Howard Lake-Waverly Herald, February 1, 1999
Wright County on edge over bomb threats
By John Holler
Vulnerability is a quality that nobody likes.
Whether it's a person afraid to walk the streets at night or a worried parent concerned when a child is late coming home, the fear that tragedy can strike is something that can always be a cause for fear and concern.
But, when that vulnerability is shared by more than 100 people at the same time, it goes beyond fear and becomes something that can be terrifying.
That was a feeling shared by many employees of Wright County on Jan. 20-21 as a pair of threats forced two evacuations of the county courthouse and had many fearing that a bomb had been planted in the courthouse; showing many Wright County residents that working for the government can make you a target.
"Government employees in general are in a glass bowl," said Sgt. Rick Doerr, who heads up the detectives unit of the Wright County Sheriff's Department. "The situations we deal with every day - domestic issues, financial issues, divorces - you end up with disgruntled people that are disgusted with the system and take it out on the people who they get bad news from."
Doerr headed up the investigation for Wright County in a series of threats that is believed to have affected five different counties - targeting their social/human services departments. While Anoka, Stearns and Sherburne counties had received previous similar threats, the Jan. 20-21 threats were directed at Wright and Sherburne counties - beginning with an ominous phone call received on the fourth floor of the Wright County Human Services reception desk at 2 p.m. Jan. 20.
"No mention was made specifically of a bomb, but the threat seemed to fit in with that," Doerr said. "There was a statement made in which a gentleman said, 'We are tired of women beating up on men. I have just talked with Anoka County and this is your warning. We have planted a device in the county.' That was how the statement was made."
Because the threat didn't specify the courthouse as the target, several buildings - ranging from the courthouse to the soon-to-be opened Human Services Building to the Public Works Building to outlying highway department shops to salt storage facilities - were evacuated and searched. Nothing was found, but the dilemma was only beginning.
At approximately 11:45 a.m. Jan. 21, the human services department's third floor reception area received a package that immediately caused alarm and seemed to tie in to the threat made the previous day.
"The package was very suspicious," Doerr said. "It contained a device that had tape and batteries and wires coming out of it. We looked at it and called the bomb squad from (the) Bloomington (Police Department)."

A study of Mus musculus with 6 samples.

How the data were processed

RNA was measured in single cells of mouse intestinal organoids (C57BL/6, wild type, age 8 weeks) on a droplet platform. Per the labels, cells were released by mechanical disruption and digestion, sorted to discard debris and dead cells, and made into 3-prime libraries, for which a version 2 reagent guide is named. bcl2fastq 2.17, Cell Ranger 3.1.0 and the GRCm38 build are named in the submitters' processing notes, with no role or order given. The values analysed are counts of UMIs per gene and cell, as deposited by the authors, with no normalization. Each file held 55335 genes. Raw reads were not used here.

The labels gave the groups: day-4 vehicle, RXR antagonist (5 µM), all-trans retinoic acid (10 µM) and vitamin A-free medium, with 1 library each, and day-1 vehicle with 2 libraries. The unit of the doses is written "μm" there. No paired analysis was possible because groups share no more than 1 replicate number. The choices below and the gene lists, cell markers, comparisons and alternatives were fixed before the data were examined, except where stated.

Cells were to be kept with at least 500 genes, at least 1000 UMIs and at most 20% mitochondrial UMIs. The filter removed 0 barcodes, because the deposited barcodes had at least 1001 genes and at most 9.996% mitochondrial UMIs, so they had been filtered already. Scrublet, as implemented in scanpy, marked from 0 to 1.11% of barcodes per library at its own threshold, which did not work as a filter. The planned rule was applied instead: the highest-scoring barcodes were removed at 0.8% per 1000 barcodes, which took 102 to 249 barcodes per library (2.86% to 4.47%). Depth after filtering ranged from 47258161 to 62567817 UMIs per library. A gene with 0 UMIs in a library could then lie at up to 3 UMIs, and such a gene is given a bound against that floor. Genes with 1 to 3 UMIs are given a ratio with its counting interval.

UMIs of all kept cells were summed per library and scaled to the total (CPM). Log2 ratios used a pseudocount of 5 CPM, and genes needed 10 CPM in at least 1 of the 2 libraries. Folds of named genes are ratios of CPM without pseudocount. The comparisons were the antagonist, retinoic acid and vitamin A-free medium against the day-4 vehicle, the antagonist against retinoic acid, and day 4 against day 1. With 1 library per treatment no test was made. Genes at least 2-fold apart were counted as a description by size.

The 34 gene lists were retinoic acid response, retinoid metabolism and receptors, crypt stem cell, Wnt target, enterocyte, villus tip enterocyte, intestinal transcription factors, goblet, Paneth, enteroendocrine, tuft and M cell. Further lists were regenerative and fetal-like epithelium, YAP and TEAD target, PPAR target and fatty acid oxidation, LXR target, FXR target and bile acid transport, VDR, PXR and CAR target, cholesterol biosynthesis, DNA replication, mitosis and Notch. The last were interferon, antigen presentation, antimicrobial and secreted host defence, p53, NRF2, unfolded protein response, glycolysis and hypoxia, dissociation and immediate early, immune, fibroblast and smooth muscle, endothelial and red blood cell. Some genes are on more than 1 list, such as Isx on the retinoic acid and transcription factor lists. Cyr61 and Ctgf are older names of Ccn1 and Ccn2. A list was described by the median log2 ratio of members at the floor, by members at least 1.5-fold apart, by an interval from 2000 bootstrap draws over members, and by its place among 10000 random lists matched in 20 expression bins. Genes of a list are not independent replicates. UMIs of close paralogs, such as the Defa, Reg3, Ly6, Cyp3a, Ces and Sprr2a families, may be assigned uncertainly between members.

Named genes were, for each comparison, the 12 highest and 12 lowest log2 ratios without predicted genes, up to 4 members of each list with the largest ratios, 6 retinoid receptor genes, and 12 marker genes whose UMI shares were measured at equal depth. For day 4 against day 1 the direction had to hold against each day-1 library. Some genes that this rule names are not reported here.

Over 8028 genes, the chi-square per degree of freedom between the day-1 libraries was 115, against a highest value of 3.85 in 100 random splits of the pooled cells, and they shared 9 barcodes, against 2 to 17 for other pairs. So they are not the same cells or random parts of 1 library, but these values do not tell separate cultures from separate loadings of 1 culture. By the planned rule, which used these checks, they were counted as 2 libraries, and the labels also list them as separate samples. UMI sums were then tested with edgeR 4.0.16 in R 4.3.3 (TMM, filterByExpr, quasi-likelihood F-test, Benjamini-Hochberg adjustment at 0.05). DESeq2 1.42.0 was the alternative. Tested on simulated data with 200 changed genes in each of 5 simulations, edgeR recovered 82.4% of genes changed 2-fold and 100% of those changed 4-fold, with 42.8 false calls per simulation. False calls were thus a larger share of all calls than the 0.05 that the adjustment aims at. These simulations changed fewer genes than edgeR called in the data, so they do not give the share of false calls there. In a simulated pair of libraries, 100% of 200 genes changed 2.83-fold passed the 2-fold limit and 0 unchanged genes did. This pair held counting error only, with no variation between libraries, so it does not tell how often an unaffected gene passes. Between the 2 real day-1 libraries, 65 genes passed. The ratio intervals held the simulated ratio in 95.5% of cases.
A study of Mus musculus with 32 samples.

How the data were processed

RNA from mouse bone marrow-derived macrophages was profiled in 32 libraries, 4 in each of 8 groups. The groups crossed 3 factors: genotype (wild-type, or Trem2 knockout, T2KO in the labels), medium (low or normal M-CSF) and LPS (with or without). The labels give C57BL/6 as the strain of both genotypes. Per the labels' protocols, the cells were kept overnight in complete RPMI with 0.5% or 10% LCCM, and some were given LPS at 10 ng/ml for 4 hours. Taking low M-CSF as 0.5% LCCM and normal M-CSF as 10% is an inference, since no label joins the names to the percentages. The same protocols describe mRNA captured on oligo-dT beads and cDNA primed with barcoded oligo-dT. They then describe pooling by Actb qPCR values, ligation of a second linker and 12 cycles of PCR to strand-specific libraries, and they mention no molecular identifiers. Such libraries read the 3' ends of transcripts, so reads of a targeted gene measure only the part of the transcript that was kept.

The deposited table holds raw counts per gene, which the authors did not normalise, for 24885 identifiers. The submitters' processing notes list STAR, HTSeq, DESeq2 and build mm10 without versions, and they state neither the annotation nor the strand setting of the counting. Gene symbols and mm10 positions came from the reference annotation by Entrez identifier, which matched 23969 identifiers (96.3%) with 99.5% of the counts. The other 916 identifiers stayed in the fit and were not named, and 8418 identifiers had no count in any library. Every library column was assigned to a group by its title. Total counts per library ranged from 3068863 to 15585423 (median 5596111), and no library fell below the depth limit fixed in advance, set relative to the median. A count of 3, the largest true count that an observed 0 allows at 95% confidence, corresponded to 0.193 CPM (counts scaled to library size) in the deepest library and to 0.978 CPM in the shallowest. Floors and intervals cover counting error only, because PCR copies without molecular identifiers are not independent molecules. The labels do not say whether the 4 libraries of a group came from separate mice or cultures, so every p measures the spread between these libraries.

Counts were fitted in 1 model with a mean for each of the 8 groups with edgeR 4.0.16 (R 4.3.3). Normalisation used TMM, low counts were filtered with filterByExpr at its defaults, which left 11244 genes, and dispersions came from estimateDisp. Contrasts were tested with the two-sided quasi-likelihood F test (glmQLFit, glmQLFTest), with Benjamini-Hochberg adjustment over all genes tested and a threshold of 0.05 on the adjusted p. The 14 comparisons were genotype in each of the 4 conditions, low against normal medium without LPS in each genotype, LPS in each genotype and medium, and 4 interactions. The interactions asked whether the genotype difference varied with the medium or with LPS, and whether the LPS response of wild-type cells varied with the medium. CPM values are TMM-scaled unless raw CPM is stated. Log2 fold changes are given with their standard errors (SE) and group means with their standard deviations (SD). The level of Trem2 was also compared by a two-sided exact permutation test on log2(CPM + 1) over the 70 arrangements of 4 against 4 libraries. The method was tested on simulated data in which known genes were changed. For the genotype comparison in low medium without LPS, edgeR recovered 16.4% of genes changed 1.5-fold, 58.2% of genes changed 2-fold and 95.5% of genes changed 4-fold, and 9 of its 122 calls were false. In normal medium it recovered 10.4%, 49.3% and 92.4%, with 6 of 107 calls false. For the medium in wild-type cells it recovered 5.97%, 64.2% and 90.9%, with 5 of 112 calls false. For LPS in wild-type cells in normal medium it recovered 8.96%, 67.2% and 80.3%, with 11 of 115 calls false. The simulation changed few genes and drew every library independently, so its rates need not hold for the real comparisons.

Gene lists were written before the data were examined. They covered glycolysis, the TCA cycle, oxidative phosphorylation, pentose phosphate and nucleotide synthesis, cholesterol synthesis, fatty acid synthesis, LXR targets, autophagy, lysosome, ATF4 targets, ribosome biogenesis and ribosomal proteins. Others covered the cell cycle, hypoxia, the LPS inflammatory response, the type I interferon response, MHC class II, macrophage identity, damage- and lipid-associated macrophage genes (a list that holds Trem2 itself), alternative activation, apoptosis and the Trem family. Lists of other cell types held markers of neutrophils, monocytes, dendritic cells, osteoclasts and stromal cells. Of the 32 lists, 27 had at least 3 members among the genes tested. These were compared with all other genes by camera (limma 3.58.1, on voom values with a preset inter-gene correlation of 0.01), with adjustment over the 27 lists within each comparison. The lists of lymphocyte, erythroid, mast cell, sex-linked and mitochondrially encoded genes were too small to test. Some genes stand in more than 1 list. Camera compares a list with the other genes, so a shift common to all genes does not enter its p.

At the same time, a similar device was received at the Sherburne County Human Services Department - sending several law enforcement agencies into action. While it was quickly determined that the bomb was, in fact, a harmless replica, thanks to X-rays taken by the Bloomington bomb squad, the process of tracking the bomb down came quickly and led to an arrest within 12 hours.
In the afternoon of Jan. 21, a private attorney from Elk River received a call that expressed knowledge of the packages being sent and, after he hit "Star 69" - which allows a call to be traced to its site of origin - the number was found to have come from a pay phone at a business in Elk River. When law enforcement officials followed up on the call, the name of a local man was given to them - that of Richard Van Patten of Elk River.
Shortly before 10 p.m. that night, Van Patten was pulled over by Sherburne County authorities in his vehicle. A search warrant was obtained and Van Patten's car was searched, providing what deputies believed was corroborating evidence to the packages - which were traced to being picked up by a delivery service from a hotel in St. Cloud that morning.
When questioned, Van Patten denied a link between the articles found in his vehicle and the devices sent to the two counties.
"He did not confess," Doerr said. "When he was initially questioned, he asked for an attorney. He has been involved in interviews since then, but has not admitted to any involvement."
The discovery of such a threat came as a surprise to many involved. Doerr said that, in more than 25 years in law enforcement, this was the first time he had known of such a threat made in Wright County and it is believed to be the first in the county's history.
But that didn't seem to shake the nervousness that spread through the courthouse over those two days.
"We receive packages here all the time," Commissioner Ken Jude said. "When something like this happens, it's natural for people to be scared. When threats like this are made, lives can be on the line and you have to take it seriously. People were afraid, but they reacted well and we did the right thing to evacuate the buildings."
Van Patten was taken to St. Peter Jan. 25 for a psychiatric evaluation at a mental health facility and no timetable was set for when he could, or will, return to Sherburne or Wright County for trial on the charges of terroristic threats that were brought against him. Due to sentencing guideline policies, it is unlikely he would be put in state prison even if convicted, instead he would be subject to county jail time because of a lack of prior convictions on similar charges. He maintains his innocence.
As for Wright County officials, the scare has served as a wake-up call to improve procedural measures in several county departments, because, as the feeling was expressed in the days following the incidents, the next time they may not be so lucky.
"I think with any type of crisis situation, there is room for improvement in procedures," Chief Deputy Don Lindell said. "I think this will give us an opportunity to critique how things went and, in the event it ever happens again, we can have a heightened awareness and avoid a potential tragedy in the future."